The Indian government recently announced the discovery of 5.9 million tons of lithium in the provinces of Jammu and Kashmir, making India a major player in the production of electric vehicles and solar panels. This discovery is significant as it is India’s first major deposit of lithium, with only a small deposit of 1600 tons having been discovered in Karnataka two years ago. The country had previously relied on imports from Australia, Chile, and Argentina for lithium.
The new reserves make India the fifth-largest holder of lithium reserves in the world, surpassing the United States. However, refining lithium ore into a usable form remains a complex process, meaning India will still have to rely on imports for some time.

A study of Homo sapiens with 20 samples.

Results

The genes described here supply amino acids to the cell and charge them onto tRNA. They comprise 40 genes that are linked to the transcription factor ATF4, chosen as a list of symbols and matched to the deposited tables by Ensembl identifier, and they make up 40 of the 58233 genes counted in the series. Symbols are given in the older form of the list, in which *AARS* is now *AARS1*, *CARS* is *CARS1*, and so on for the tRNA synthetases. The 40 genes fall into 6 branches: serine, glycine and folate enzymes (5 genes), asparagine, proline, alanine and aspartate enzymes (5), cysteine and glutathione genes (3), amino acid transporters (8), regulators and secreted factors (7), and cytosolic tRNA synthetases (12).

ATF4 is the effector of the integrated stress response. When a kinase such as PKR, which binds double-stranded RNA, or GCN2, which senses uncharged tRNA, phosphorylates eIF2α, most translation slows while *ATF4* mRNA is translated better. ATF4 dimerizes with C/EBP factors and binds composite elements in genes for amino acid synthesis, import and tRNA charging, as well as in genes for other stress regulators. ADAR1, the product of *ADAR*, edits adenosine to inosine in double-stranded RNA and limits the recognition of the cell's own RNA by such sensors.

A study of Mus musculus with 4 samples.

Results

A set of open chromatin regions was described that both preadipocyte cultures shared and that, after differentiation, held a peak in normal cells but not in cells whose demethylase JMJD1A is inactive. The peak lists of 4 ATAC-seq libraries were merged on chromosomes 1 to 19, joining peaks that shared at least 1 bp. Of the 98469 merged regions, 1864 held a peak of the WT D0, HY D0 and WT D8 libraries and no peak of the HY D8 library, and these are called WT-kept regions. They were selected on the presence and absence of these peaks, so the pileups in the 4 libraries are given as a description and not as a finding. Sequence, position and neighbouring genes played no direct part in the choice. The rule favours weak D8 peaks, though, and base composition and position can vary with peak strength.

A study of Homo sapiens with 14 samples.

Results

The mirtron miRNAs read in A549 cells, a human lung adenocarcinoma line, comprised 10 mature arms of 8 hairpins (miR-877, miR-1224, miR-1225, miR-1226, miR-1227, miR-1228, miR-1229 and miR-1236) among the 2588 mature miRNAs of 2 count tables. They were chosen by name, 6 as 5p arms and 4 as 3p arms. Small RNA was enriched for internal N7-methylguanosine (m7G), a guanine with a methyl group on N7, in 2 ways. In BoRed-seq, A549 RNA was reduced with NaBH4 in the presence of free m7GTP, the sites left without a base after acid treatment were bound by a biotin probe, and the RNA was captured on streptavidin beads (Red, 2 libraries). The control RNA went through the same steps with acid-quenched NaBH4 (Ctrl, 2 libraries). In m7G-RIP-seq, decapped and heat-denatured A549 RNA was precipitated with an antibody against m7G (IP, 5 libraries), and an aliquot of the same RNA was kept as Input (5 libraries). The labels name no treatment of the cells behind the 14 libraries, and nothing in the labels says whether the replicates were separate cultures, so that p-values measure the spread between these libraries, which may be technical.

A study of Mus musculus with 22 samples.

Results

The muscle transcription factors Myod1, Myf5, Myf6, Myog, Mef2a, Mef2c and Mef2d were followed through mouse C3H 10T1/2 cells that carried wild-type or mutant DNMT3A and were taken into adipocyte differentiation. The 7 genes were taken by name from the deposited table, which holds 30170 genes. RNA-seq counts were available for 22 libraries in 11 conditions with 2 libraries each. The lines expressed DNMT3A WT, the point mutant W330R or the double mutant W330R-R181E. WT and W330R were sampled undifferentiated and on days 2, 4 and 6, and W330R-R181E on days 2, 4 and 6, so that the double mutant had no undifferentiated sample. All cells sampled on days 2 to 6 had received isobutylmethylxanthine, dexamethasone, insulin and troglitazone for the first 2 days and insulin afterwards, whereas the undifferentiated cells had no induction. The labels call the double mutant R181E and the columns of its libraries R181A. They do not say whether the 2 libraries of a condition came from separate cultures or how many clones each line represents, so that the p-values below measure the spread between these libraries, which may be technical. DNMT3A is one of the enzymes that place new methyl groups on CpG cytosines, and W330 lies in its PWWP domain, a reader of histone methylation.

Lithium is increasingly valued for its use in producing batteries for items such as phones, laptops, and electric vehicles. With the electric vehicle industry projected to reach over $800 billion in annual market size by 2030, the discovery is expected to benefit manufacturing companies in India.
It is also expected to help the Indian government fulfill its promise to increase the number of private electric cars by 30% before 2030. However, the mining and refining of lithium have faced criticism for their significant environmental impact, including contamination of water sources and increased carbon dioxide emissions from the high-temperature heating process.
The majority of the world’s lithium reserves are found in salt flats in Bolivia, Chile, and Argentina, with Bolivia holding the largest reserves. However, the country lacks the infrastructure to extract the mineral, making it a smaller player in lithium production.